Tuesday, April 13, 2010

In Memoriam: Thomas Jefferson

Few presidential legacies are as troubled as that of Thomas Jefferson; on one hand he was the principal author of the Declaration of Independence which famously declared that 'all men are created equal', on the other he was a holder of slaves. One of only two people* to date to hold the so-called Triple Crown - having served as President, Vice-President, and Secretary of State - as well as doubling the size of the country thanks to the Louisiana Purchase and providing for its exploration by the Lewis and Clark Expedition, recent evidence that he may have fathered children with his slave Sally Hemings points to a snarl of hypocrisy and ambivalence at the centre of an otherwise elegantly wired mind.

PhotobucketBorn on this day in 1743 to a prominent Virginia family, Jefferson inherited the estate that would become Monticello when he was 14. At sixteen he entered The College of William & Mary, earning highest honours upon his graduation just two years later. While at university he was a member of the Flat Hat Club, a secret society that was not unlike a fraternity, except that their meetings tended to involve philosophical discussions rather than binge drinking.

In 1772 Jefferson married his distant cousin, the 23-year-old widow Martha Wayles Skelton; during the decade of their marriage she bore him six children - Martha Jefferson Randolph (1772–1836), Jane Randolph (1774–1775), a stillborn or unnamed son (1777), Mary Wayles (1778–1804), Lucy Elizabeth (1780–1781), and Elizabeth (1782–1785) - dying after the birth of the last. She had also had a son from her previous marriage who died at the time of her engagement to Jefferson. After his wife's death he never remarried and in fact persisted during the earliest years of his political triumph both as governor of Virginia and Founding Father despite suffering from a deep depression.

Jefferson's method for overcoming his grief seems to have involved becoming a workaholic; although this tendency first asserted itself at a young age, it would remain constant throughout his life. An active role in politics from the early days of his marriage led to his appointment to the Continental Congress as a representative of the Commonwealth of Virginia, then to his service as governor of Virginia, and thence his appointment as Minister to France (thanks to which he missed such highlights of the American Revolution as the Philadelphia Convention) although he seems to have consoled himself by having an affair with the married artist Maria Cosway while there.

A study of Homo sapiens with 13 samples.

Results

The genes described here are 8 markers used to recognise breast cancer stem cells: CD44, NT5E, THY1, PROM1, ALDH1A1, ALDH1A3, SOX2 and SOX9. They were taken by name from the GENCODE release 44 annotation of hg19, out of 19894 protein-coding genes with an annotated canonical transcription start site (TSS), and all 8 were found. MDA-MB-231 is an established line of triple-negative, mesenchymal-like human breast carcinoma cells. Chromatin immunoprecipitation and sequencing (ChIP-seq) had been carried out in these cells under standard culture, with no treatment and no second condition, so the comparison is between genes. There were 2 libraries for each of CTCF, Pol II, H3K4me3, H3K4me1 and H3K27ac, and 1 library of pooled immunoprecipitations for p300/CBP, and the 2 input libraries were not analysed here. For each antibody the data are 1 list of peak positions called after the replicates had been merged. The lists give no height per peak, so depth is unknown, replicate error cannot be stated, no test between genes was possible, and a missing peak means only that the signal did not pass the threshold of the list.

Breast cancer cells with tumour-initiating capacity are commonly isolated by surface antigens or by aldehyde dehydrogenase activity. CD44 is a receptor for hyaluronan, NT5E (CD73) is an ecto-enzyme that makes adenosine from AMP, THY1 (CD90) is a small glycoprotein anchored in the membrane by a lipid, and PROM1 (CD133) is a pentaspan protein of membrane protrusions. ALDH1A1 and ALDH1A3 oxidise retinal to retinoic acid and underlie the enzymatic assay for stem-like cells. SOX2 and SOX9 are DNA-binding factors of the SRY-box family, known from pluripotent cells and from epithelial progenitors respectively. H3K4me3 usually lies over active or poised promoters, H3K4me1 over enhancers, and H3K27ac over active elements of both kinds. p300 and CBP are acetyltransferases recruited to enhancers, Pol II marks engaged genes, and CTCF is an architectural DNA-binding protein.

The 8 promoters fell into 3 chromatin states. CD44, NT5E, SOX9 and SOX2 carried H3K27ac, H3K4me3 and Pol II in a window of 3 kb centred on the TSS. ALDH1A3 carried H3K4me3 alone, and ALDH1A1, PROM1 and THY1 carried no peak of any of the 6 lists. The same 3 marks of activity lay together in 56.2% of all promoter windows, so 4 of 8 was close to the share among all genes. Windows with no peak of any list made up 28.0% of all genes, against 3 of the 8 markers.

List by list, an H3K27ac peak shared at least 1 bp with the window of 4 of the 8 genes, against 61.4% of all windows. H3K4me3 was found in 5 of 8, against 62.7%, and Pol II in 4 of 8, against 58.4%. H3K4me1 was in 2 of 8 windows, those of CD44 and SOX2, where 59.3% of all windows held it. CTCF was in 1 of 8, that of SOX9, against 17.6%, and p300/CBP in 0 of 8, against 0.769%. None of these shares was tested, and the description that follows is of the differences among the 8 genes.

He returned to the US to serve as the country's first Secretary of State under George Washington, during which time he sparred with Treasury Secretary Alexander Hamilton over fiscal policy, a clash between two polymathic geniuses that alas wouldn't be likely to occur in the modern-day District of Columbia. Between 1793 and 1796 Jefferson was out of office, during which time he cared for his estate and wrote. Despite Washington's urging to the contrary, political parties began to form at this time; the country's long descent into divisive partisanship had its beginnings as long ago as that, with Alexander Hamilton and his flunky Vice-President Adams representing the Federalists, Jefferson and his successor James Madison the Democratic-Republican Party. Jefferson is also considered the father of American exceptionalism, a way of thinking that was entirely valid in the days when the country was young, but which becomes less so with each passing year.

In 1796 Jefferson became Vice-President to John Adams, and following the disputatious 1800 election was appointed President by Congress (at about the same time Rembrandt Peale painted the portrait of him, shown above). For his first Vice-President Jefferson chose Aaron Burr; following the duel at which Burr fatally wounded Alexander Hamilton, he was dropped in favour of George Clinton.

Jefferson's presidency was the first to begin and end in the White House (then called the Presidential or Executive Mansion) and was concerned principally with defending the fledgling nation from British and French incursions against its sovereignty, as well as with expansionism and exploration. Jefferson favoured small government, considering it the basis of freedom.

Following his retirement, Jefferson went on to found - as well as design and execute - the University of Virginia, one of the first with a campus centered on a library rather than a church, in keeping with his deeply held faith in the separation of church and state; in fact, his original designs made no accommodation whatsoever for a chapel. Following the burning of the Library of Congress by the British in August 1814, Jefferson offered his personal holdings (some 6,487 books) to begin rebuilding it, for which he was paid $23,950.

Thomas Jefferson died on the Fourth of July 1826, fifty years to the day after his Declaration of Independence was adopted; he is buried at Monticello and commemorated throughout the United States in place names, on Mount Rushmore, and within the nation's capital itself**. Likewise his portrait adorns the little used US $2 bill and the nickel. He's also been portrayed on the silver screen by Nick Nolte (an improbable bit of casting) in the 1995 film Jefferson in Paris by James Ivory, a heavily fictionalized account.

*The other was Martin Van Buren.
**300 years after leaving office Thomas Jefferson and his legacy are still making news; references to the 3rd president have been struck from Texas school books, a move expected to see him removed from the curricula across the country.


The Jefferson Memorial, though grand from a distance, is in a sad state of repair, much like the government itself.

michael sean morris said...

Too bad. My sense is that the grand monuments of Washington are well kept, but it may be just those on the Mall that are.